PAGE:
Judging a Book: The Silver Star by Jeannette Walls
By its cover: Haunting and simple. A perfect match for the story.
By how it's experienced: The Silver Star is like driving by lit houses at night. I look in through the windows searching for signs of life, the flashing blue of a TV screen or shadowy figures dancing over closed shades. If the shades are up, I look in like a scientist would while studying microbes through a microscope. But, before I can even digest what I see, the scene passes me by. The house, and the life within it, existed before I got there and will continue to after I leave. The Silver Star left me feeling an incompleteness that only a life form can experience. I found myself having that primal desire for more. More drama and more story once it ended. All I got was this sampling of the lives of two girls and their dysfunctional family (as to be expected from Walls author of The Glass Castle) when I wanted the whole course. A story written so simply and honestly is pure torture for the human being, but it is also nurtures the inner human child, where justice is served and purity and innocence are real.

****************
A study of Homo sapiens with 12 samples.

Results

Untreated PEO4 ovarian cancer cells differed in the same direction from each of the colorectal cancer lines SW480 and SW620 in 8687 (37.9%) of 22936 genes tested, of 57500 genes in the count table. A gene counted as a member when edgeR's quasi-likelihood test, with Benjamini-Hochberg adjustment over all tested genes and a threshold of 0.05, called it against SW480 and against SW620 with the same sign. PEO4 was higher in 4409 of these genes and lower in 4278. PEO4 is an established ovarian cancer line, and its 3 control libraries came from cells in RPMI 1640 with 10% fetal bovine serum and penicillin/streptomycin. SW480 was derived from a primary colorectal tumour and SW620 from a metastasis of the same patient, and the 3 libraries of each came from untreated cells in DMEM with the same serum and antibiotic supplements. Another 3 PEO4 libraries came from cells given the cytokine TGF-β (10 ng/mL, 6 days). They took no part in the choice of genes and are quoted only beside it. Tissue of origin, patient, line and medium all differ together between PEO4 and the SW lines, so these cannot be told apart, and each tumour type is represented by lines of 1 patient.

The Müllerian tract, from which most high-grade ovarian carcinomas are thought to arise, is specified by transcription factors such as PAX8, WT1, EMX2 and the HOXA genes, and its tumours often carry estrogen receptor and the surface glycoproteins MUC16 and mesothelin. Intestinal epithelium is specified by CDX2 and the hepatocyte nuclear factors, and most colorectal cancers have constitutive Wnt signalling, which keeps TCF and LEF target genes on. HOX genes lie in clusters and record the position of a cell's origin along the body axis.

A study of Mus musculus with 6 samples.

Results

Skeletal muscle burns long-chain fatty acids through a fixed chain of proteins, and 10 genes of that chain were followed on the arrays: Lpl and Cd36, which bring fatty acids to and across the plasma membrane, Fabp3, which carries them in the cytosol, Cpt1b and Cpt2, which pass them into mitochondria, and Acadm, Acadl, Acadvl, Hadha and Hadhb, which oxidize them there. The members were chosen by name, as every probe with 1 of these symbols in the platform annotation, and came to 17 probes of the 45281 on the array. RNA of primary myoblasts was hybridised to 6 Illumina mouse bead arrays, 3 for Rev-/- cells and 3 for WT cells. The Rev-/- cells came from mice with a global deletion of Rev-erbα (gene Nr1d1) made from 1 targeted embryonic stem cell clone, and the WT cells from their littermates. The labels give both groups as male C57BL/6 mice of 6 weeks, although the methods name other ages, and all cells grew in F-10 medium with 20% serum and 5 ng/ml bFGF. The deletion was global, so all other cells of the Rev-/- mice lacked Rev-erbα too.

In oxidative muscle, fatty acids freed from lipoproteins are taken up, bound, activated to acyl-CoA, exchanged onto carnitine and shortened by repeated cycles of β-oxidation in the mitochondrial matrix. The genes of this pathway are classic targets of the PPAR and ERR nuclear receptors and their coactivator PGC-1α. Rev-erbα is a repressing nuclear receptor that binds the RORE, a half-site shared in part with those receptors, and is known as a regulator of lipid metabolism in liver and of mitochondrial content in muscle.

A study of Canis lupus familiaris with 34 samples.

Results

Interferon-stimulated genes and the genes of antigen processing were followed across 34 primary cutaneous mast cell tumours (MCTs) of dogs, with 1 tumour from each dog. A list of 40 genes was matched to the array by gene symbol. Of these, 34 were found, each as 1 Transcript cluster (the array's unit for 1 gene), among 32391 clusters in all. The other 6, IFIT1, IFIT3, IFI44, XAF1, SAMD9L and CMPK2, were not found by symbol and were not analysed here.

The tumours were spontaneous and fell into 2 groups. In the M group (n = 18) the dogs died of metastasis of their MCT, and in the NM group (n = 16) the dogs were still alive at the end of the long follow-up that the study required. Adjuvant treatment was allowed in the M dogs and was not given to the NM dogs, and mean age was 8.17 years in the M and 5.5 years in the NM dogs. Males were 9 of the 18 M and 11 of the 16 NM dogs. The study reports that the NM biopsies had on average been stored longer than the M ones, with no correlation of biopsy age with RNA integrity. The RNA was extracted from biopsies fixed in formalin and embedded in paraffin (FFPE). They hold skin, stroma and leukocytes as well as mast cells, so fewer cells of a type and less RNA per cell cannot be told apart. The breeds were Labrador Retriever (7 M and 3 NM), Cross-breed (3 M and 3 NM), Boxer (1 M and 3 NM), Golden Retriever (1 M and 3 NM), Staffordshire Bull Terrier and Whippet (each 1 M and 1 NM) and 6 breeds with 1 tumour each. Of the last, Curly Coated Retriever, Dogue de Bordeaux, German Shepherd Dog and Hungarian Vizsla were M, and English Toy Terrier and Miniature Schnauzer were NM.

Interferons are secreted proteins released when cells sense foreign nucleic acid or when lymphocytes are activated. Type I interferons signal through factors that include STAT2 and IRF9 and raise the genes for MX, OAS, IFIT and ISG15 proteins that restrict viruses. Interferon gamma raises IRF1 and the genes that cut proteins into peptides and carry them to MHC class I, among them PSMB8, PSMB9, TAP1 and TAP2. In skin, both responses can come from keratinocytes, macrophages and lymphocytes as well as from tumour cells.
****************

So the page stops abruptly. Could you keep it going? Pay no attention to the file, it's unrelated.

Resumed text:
A Summary from Amazon:
It is 1970 in a small town in California. “Bean” Holladay is twelve and her sister, Liz, is fifteen when their artistic mother, Charlotte, a woman who “found something wrong with every place she ever lived,” takes off to find herself, leaving her girls enough money to last a month or two. When Bean returns from school one day and sees a police car outside the house, she and Liz decide to take the bus to Virginia, where their Uncle Tinsley lives in the decaying mansion that’s been in Charlotte’s family for generations.
TL;DR: Good book about innocence and justice and family.